Most businesses don’t experience negative backlash for their efforts at inclusion and protections for all employees. However, it is important to handle negative responses in a consistent and thorough manner. Stay on message:
Negative Reactions to Policies
Aren’t you trying to change people’s beliefs?
No, all we’re saying is that we value and respect all employees and want them to feel safe at work.
When announcing benefits for domestic partners, it is important to state clearly that the policies are designed to foster an atmosphere of fairness and professional respect at work, and not to change personal values. Domestic partner benefits are a business imperative, a tool for attracting and keeping the best employees and a means of improving employee productivity. If an LGBTQ employee resource or affinity group exists at your organization, make sure to utilize the group to inform your employees that the benefits exist.
Be straightforward about the tax implications so as to avoid confusion, and if there are any major discrepancies in benefits between opposite-sex spouses and same-sex partners, be clear about why the disparity exists and how that might change in the future. The most important aspect of this process is for the employee to feel valued and that they can trust that the employer will do the right thing.
Negative Reactions to Legislative Activity
- The position supports the company’s overall diversity philosophy.
- The legislation is in line with the company’s corporate values.
- The legislation will create a level playing field that will help all business succeed.
- The legislation will improve productivity and drive recruitment and retention of dedicated, fair-minded employees.
- The position reinforces our reputation as a workplace where all individuals are treated fairly.
Mitigating Negative Reactions to LGBTQ Initiatives
- Timing: Avoid making announcements prior to major business events that would provide a public forum for dissent. For example, Cummins Inc. announced the addition of domestic partner benefits three weeks before its annual shareholder meeting, thereby providing a public platform to express grievances against the company. While this may not be an issue for some employers, timing should always be considered.
- Register every domain name that includes your company’s name, any of its products names and the word “boycott.” Also, set up separate public email accounts for all SVP’s or senior leaders, especially for the CEO and leaders in public relations, customer relations, government relations and investor relations.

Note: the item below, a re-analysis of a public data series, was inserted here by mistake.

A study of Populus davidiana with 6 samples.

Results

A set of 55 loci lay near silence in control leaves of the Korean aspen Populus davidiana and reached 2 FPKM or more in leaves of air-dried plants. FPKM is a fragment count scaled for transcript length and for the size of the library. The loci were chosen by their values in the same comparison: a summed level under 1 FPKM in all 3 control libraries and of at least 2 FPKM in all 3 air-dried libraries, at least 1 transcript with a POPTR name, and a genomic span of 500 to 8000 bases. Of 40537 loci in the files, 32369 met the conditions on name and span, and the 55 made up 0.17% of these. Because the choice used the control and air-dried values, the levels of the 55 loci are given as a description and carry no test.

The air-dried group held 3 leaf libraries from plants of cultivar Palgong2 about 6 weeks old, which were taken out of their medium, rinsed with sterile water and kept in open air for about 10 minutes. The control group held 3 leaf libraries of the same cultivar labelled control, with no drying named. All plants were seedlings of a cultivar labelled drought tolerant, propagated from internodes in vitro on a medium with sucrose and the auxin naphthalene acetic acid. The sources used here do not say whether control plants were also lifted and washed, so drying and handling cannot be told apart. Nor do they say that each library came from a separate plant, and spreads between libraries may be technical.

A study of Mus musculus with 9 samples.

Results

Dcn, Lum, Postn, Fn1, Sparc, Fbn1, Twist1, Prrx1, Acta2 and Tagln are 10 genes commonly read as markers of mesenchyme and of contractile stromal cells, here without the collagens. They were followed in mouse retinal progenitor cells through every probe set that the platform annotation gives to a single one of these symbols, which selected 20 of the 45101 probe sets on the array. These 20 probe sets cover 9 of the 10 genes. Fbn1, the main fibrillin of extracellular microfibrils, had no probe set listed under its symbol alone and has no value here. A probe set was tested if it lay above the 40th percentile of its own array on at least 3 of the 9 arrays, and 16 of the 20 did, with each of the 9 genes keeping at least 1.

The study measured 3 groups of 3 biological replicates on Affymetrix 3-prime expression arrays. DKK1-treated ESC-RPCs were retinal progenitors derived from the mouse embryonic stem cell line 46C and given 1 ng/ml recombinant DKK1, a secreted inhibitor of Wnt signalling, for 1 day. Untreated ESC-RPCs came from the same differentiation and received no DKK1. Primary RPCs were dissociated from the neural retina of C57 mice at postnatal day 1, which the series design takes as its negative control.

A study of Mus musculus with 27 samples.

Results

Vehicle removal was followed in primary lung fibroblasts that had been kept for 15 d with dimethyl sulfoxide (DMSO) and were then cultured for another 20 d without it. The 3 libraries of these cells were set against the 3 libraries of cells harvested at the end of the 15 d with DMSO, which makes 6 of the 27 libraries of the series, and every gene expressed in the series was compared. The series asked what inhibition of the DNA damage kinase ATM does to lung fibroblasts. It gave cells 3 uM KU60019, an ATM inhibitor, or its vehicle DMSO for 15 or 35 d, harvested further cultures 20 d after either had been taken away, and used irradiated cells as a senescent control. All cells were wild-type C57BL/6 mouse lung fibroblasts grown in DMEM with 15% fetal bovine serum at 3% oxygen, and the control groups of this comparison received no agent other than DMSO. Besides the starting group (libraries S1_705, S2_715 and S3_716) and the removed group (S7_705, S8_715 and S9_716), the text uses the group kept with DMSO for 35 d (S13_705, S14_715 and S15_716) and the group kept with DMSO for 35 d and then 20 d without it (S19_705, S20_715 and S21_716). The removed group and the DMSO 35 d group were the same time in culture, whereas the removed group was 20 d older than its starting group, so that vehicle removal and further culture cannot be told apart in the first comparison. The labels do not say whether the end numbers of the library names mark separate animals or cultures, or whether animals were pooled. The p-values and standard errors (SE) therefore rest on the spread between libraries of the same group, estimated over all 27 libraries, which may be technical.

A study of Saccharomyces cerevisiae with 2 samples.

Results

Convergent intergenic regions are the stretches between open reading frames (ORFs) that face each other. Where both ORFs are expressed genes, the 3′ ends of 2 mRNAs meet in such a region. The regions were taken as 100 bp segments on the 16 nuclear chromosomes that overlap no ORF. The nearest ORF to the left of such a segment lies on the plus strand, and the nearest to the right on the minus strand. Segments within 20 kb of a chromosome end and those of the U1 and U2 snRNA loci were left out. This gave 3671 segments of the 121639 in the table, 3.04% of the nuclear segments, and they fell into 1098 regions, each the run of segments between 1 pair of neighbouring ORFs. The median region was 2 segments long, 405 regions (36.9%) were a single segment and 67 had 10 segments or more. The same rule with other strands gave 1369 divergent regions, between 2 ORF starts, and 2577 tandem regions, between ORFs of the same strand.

- Develop a strong partnership with non-profit organizations in your field or sector. These groups will be aware of the opposition’s previous actions and can help develop a response to potential criticisms. In addition, partner organizations can utilize their well-developed communication experience to advise if and when to respond, depending on the media climate and desired outcome.
- Obtain senior-level support and prepare leadership for potential negative reactions. Adequate preparation will make managing a negative reaction easier and will help prevent damage to the business’ reputation.
Questions to Ask When Responding to Negative Reactions
Consider how your subsequent response to a negative reaction will be viewed by all parties, in the short- and long-term. Employers are steadfastly and rapidly making changes to include LGBTQ employees, you will not be the only one.
- Is what is being expressed in-line with your company’s stated values? What are the corporate values statements that are relevant to this position? What has been the company’s position historically? What will a change mean to supporters of LGBTQ inclusion? Opponents? Has the company taken a position on LGBTQ inclusion in the past? How important is that to the company’s future image?
- Who is responsible for this action? Is it temporary? How much effort are organizations likely to devote? Track the origin of emails sent to your company. Are they coming from a single source? Are they uniquely written or form emails? If all of the emails are essentially the same, it implies that very few people feel strongly enough to write their own comments and may simply be following an automated point-and-click campaign.
- What will drive the long-term reaction of consumers? How does your position impact market share?
- Are you the first company to do this? The first in a particular industry? Where are our peers? How are you compared to our peers on the issue in question? Are you where we want to be in this class? Is there value in being a leader? Is there a business benefit in this distinction?
- What are the concerns of employees regarding the issue? How are those concerns being voiced by any given group? Are those concerns in accordance with company values?
- What is the potential for shareholder concerns to be voiced? Does this add shareholder value?
- Once the immediate impact has subsided, assess what lessons can be gleaned the experience. Would different messaging have better mitigated the response? Were employee resources groups informed and empowered to spread your company’s message?